Mozilla, in the latest version of its Firefox browser has introduced support for the newly finalised HTTP/2 network protocol along with other features. Firefox 36 is currently only available for Windows, OS X, and Linux desktop systems.
For those unaware, HTTP/2 is the next version of the HTTP (Hypertext Transfer Protocol) network protocol, the final version of which was announced last week by IETF HTTP Working Group Chairman, Mark Nottingham. The update is said to be the largest change after HTTP 1.1, which was adopted back in 1999. The new network protocol allows for faster page loads, longer-lived connections and more.
It is worth noting that Firefox is the first browser to come with a support for HTTP/2. Microsoft in May last year announced that it would too bring the latest HTTP/2 protocol in its next Internet Explorer browser version, which will now arrive with Windows 10. The Microsoft's Project Spartan browser might also support the protocol.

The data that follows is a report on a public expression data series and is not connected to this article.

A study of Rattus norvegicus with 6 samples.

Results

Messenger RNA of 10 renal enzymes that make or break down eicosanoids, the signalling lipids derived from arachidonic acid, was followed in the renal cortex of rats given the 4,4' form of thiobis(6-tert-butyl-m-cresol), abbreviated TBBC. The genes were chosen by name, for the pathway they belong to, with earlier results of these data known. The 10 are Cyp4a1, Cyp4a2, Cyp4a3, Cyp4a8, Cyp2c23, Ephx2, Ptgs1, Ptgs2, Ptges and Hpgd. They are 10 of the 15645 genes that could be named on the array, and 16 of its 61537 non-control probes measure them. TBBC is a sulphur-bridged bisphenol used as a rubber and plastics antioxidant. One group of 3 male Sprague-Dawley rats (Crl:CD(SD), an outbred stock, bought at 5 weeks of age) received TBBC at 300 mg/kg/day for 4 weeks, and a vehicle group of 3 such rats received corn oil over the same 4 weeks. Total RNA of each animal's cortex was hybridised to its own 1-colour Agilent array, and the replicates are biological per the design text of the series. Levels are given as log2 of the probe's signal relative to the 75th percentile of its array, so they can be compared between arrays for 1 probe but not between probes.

A couple of other additions in Mozilla Firefox 36 are syncing of pinned tiles on the new tab page and a new locale - Uzbek (uz). Firefox 26 also sees the removal of 'remote' option, display of crash report in case of shutdown hangs before the exiting of the program, and more. Changes to HTML5 support have been also made in the latest version besides some security fixes. A fix for the unexpected log out from Facebook or Google after restart was also implemented. The details can be found on the Mozilla's Firefox release notes page.
It is worth noting that according to the latest data from National Vulnerability Database (NVD) Mozilla Firefox, despite the regular monthly updates, still comes in top three browsers when it comes to vulnerability risk. Microsoft's Internet Explorer tops the list followed by Google Chrome.